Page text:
Yesterday, good news arrived for Chemical Brothers fans, with the announcement that its full-length concert film, Don't Think, will be released to DVD on both sides of the pond -- available to American fans on April 10.
However, this wasn't the typical DVD release announcement -- it came a week after an interesting experiment by the band, director Adam Smith, and the team at Fathom Events. Last Wednesday, the movie was simulcast across the U.S. for a one-night-only screening, as part of a massive series of screenings, encompassing 500 cities in 20 different countries.
If the official website is to be believed, the concert film -- documenting the Chemical Brothers' show at the Fuji Rock 2011 festival in Japan -- set off a chain of wild raves in theaters everywhere. I'm contrasting this with the indelible image of my Don't Think experience at Austin's Regal Arbor Cinema 8 -- an arthouse-leaning multiplex in a strip mall-leaning landscape -- in which a lone dancer, moved by the infectious beat of "Hey Boy Hey Girl," commandeered the space in front of the screen for a solo, one-song dance exhibition.
But that's not to diminish the achievement of the concert film, which takes on some particularly interesting challenges and excels. The most obvious challenge, of course, is that the Chemical Brothers are more scientists than rock stars, assembling its groundbreaking brand of electronica with button-pushing and knob-twisting.
So, as you might expect, Smith chose to focus on capturing the communal experience of the concert, translating that to a movie audience. The first half of the movie takes on an almost claustrophobic dimension, with such a tight focus on the duo, the ever-busy video display behind them, and the transfixed faces of the crowd, bathed in pink and red lights -- registering anything from bemusement to ecstasy with varying equations of musical and chemical stimuli.
As the concert progresses, Smith peels back the layers a bit to reveal the larger context of the show, and makes interesting choices at points in which the movie threatens to be a bit static and more of the same. In one particularly memorable section, a flood of insects spills across the video monitor in facing-the-stage concert footage, and then the film cuts to several stray video-display insects moving on the ground near a concession stand. This starts a sequence in which the images behind the stage -- culminating with the march of toy robots -- are reflected by similar images and the plank walk of an actual wind-up toy robot in this outpost seemingly far from the action on-stage.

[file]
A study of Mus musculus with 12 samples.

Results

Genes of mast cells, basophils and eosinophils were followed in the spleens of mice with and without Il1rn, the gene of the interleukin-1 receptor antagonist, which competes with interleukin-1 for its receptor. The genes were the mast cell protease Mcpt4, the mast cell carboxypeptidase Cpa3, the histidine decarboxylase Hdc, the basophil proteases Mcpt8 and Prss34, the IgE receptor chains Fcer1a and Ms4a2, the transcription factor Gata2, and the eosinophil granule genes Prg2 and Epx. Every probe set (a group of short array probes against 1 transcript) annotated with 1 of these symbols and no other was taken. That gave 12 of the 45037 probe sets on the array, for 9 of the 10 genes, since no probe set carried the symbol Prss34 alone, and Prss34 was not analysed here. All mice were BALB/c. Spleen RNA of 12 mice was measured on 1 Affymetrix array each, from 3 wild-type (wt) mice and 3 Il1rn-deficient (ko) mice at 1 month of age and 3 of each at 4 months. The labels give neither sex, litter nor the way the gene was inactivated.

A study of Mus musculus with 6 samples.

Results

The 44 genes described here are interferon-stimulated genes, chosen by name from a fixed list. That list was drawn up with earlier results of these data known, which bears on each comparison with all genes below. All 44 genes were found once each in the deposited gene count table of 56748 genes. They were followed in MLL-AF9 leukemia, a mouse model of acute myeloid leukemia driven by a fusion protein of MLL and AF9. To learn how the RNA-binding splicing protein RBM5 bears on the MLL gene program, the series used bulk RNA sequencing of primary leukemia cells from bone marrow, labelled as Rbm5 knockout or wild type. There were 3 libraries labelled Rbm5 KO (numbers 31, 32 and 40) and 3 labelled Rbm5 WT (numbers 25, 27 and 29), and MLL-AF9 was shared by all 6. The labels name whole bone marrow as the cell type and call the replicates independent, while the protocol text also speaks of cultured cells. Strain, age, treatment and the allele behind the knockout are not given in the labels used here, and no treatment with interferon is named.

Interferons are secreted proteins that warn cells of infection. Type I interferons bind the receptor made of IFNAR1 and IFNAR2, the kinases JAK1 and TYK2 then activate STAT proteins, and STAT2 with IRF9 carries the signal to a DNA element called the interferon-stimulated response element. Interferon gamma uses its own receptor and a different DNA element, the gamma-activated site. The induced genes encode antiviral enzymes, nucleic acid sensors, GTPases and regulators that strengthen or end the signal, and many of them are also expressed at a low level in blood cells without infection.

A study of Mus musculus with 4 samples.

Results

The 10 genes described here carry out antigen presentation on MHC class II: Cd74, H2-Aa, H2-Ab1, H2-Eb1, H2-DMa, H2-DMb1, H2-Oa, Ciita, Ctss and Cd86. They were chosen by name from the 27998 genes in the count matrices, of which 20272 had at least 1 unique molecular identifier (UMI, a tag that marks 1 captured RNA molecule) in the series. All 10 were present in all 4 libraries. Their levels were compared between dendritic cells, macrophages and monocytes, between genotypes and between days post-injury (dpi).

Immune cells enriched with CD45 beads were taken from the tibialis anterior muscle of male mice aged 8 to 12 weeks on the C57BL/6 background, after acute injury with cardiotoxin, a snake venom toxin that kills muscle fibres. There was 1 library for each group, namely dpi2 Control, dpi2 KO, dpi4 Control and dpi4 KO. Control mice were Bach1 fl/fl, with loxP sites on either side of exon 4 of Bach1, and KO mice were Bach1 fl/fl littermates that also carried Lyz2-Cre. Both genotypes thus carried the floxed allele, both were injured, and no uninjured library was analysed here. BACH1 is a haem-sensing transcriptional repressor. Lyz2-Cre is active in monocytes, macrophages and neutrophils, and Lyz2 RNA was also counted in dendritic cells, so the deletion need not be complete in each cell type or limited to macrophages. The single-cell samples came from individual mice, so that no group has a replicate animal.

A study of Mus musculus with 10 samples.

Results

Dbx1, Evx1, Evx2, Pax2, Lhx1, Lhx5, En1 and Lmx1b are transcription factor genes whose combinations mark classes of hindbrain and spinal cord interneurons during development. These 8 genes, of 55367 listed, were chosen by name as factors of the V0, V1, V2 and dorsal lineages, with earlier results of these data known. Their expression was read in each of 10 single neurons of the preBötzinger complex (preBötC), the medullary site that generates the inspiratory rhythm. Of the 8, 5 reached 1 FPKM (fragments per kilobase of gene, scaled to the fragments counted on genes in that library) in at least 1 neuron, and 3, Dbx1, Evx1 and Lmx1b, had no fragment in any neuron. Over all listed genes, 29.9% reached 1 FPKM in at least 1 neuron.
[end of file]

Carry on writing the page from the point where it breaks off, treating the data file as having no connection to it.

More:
To further build upon what the concert offers in the way of escape and transcendence, Smith intersperses scenes in which one young woman attending the concert is alternately transported to a remote nature setting and a busy urban setting. While the scenes come without warning or extensive development, they're an interesting way to nod toward the obviously trippy potential of the duo's music without getting too Acid Flashback PSA with it all. They also allow for several key images in the concert video to preview here -- most notably, a disturbingly frightening clown, who gutturally intones, "You are all my children now" at a climactic moment in the performance.
The set itself is phenomenal, blending hits and deep tracks from the group's (time to feel old here) 15-year discography. While the set has familiar standalone songs like "Star Guitar," "Believe," "Out of Control," and "Setting Sun," the best moment in the show just might be the looping of the most familiar elements of "Galvanize" with the steady, propulsive qualities of "Leave Home," as an extended lead-in to set closer "Block Rockin' Beats."
And, in the latter half of the show, the audience does get brief glimpses into the craft of how the music's made, with the cameras peeking through the duo's impressive fort-of-keyboards to reveal Tom Rowlands singing along to recorded vocal tracks, both Rowlands and Ed Simons being literally moved by their own creations, dancing in place while adding texture to songs and navigating transitions from song to song.
While the DVD release obviously doesn't bring the communal feeling of what happened last week to audiences in quite the same way as the Fathom simulcasts did, it should be welcome news for the group's fans -- who will find the film highlighting the most crucial aspects of their appeal -- as well as for the curious and new-to-their-sound, who will find enough here to be engaging in at least episodic doses.